Cavallo's arrest last week followed on the heels of the August 6 arrest and detention of another Argentine military official, retired Major Jorge Olivera, in Rome. Although Olivera is being held pursuant to an international capture order issued by a French judge, he has similarly been accused of egregious human rights abuses, including torture. The Cavallo prosecution is under the jurisdiction of Spanish Judge Balthazar Garz?, known for his prosecution of former Chilean dictator Augusto Pinochet, while Olivera's case is being handled by French Judge Roger Le Loire.

"After so many years when the crimes of the Argentine military regime went largely unpunished, it's encouraging to see these two men in detention, facing a real likelihood of prosecution," said Jose Miguel Vivanco, executive director of the Americas division of Human Rights Watch. "These cases are further proof that the Pinochet prosecution has created real momentum in favor of the criminal prosecution of egregious human rights abuses."

Cavallo and Olivera are the first Argentines to be detained abroad for human rights crimes committed in Argentina during the country's 1976-1983 military dictatorship. Cavallo was arrested in Cancun on Thursday, August 24, as he attempted to catch a plane to Buenos Aires. Until his arrest, he had lived and worked in Mexico, serving as the director of the National Registry of Motor vehicles. Olivera, who lives in Argentina, was arrested at the airport in Rome as he was returning home from vacation with his wife.

According to a November 1999 indictment issued by Spanish Judge Garz?, Cavallo, known by the name of Miguel Angel Cavallo, was a Navy lieutenant who worked in the notorious Navy Mechanics School (Escuela de Mec?ica de la Armada, ESMA) in Buenos Aires during the military regime. Between January 1977 and October 1978, the indictment states, Cavallo belonged to the operations sector of Working Group 3.3.2, a group actively involved in kidnapping and torturing persons perceived as leftist by the military. The indictment names Cavallo as a participant in the torture of Thelma Jara de Cabezas, and the execution of M?ica Jauregui and Elba Delia Aldaya.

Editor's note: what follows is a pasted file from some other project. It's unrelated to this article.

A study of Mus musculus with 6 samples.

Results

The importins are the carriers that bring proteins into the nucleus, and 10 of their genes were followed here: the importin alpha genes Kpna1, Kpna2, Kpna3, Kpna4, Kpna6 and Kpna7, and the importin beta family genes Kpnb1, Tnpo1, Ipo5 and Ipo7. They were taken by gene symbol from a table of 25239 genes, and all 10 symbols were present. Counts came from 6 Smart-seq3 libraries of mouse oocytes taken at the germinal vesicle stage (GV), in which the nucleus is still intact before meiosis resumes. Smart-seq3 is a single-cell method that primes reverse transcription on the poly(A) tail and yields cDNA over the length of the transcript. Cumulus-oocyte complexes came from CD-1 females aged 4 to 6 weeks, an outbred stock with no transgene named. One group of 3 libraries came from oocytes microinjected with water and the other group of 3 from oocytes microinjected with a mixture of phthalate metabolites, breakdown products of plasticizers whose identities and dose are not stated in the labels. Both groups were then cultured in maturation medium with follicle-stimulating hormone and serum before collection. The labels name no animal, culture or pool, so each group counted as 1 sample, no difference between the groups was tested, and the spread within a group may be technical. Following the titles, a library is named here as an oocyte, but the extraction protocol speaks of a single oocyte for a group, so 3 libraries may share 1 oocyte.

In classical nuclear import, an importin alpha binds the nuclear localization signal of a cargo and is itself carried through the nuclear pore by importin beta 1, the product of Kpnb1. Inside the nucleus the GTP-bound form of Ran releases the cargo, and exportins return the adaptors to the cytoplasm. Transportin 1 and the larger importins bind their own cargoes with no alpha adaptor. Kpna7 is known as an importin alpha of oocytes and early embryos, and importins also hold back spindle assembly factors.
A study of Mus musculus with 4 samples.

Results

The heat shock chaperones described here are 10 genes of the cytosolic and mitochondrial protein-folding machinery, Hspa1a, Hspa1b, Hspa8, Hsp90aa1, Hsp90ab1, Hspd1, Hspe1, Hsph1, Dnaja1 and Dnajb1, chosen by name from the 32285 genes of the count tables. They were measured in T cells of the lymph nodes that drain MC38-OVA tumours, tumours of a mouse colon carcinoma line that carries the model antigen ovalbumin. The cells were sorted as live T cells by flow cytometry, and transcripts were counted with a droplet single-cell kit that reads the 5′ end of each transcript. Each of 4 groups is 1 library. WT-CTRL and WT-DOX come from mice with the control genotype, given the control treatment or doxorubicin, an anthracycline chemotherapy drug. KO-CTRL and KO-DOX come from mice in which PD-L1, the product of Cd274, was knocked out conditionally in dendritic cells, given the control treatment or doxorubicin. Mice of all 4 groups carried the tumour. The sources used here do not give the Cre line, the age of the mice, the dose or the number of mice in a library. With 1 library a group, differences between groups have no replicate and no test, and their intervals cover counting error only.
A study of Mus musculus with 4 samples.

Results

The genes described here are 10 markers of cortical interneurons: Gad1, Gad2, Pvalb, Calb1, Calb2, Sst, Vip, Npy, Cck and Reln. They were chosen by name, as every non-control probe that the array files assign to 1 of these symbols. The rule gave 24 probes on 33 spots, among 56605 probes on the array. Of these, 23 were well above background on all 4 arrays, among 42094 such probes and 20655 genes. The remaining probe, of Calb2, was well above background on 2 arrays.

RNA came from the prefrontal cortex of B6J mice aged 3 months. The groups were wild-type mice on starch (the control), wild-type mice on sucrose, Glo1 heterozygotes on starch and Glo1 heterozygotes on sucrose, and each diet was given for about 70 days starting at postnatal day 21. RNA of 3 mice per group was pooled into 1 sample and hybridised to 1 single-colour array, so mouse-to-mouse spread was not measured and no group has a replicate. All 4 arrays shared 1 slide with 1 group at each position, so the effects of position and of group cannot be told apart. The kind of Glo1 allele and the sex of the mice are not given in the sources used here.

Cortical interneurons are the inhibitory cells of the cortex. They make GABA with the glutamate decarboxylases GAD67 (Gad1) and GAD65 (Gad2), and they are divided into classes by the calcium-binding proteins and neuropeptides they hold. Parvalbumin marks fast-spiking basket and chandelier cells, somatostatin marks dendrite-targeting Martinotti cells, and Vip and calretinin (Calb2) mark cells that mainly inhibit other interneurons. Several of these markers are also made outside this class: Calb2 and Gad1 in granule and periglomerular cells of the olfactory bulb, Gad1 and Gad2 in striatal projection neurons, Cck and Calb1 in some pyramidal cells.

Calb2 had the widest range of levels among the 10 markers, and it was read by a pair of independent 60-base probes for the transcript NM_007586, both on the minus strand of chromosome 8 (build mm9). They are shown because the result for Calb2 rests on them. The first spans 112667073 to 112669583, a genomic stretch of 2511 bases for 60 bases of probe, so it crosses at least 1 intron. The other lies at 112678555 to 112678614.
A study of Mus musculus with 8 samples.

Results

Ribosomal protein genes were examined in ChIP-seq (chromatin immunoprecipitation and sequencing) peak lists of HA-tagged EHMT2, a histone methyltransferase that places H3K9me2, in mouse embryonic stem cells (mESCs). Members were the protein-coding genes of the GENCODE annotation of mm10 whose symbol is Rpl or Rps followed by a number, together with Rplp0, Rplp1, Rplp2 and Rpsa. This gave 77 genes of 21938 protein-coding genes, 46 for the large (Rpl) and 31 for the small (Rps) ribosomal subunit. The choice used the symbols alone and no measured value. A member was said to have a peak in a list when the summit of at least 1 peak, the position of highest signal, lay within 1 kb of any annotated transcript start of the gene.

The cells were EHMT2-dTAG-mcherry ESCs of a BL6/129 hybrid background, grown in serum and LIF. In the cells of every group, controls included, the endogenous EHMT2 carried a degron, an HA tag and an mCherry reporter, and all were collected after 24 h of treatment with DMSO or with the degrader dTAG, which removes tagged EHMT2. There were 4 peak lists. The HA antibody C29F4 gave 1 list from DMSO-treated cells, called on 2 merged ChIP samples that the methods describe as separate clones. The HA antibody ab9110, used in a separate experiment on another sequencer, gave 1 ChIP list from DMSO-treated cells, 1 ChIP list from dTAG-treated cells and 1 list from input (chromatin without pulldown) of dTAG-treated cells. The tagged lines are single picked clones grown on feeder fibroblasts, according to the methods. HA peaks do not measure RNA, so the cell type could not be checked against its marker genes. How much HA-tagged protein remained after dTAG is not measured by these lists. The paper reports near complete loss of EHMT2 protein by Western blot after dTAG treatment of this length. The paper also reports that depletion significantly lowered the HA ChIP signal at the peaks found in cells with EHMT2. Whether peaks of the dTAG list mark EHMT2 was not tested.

Olivera is accused of the kidnapping, torture and disappearance of French citizen Marianne Erize in San Juan province on October 15, 1976. At the time, he was allegedly an intelligence officer with the Army's Twenty-Second Regiment. Argentine Senator Jose Luis Gioja, whose statements were published in the daily papers Pagina 12 and Clar?, claims that Olivera personally tortured him while he was a political prisoner in San Juan in 1976.

Important progress in the criminal prosecution of "dirty war" abuses is currently being made domestically in Argentina as well, Vivanco noted. A number of former military officials, including the president of the first military junta, have been arrested in conjunction with prosecutions involving "disappeared" children. According to the Grandmothers of the Plaza de Mayo, more than 200 children were taken away from people who "disappeared" during the military dictatorship. The children were either abducted together with their parents or were born in secret detention centers during their parents' captivity. The amnesty laws that bar most human rights prosecutions for the abuses that occurred under the military specifically exempts the cases of these children.

The 1984 report of the Argentine truth commission names 8,961 people who "disappeared" under the military dictatorship, noting that this figure is not exhaustive. Although some high-level officials were criminally prosecuted in the 1980s for these abuses, the vast majority of military perpetrators were covered by the country's amnesty laws, while pardons issued by then-President Menem in 1989 and 1990 freed those who had been convicted. "The struggle for justice in Argentina has been continuing since that time," Vivanco explained. "The current prosecutions, both in Argentina and abroad, have revived hopes of seeing that justice is done."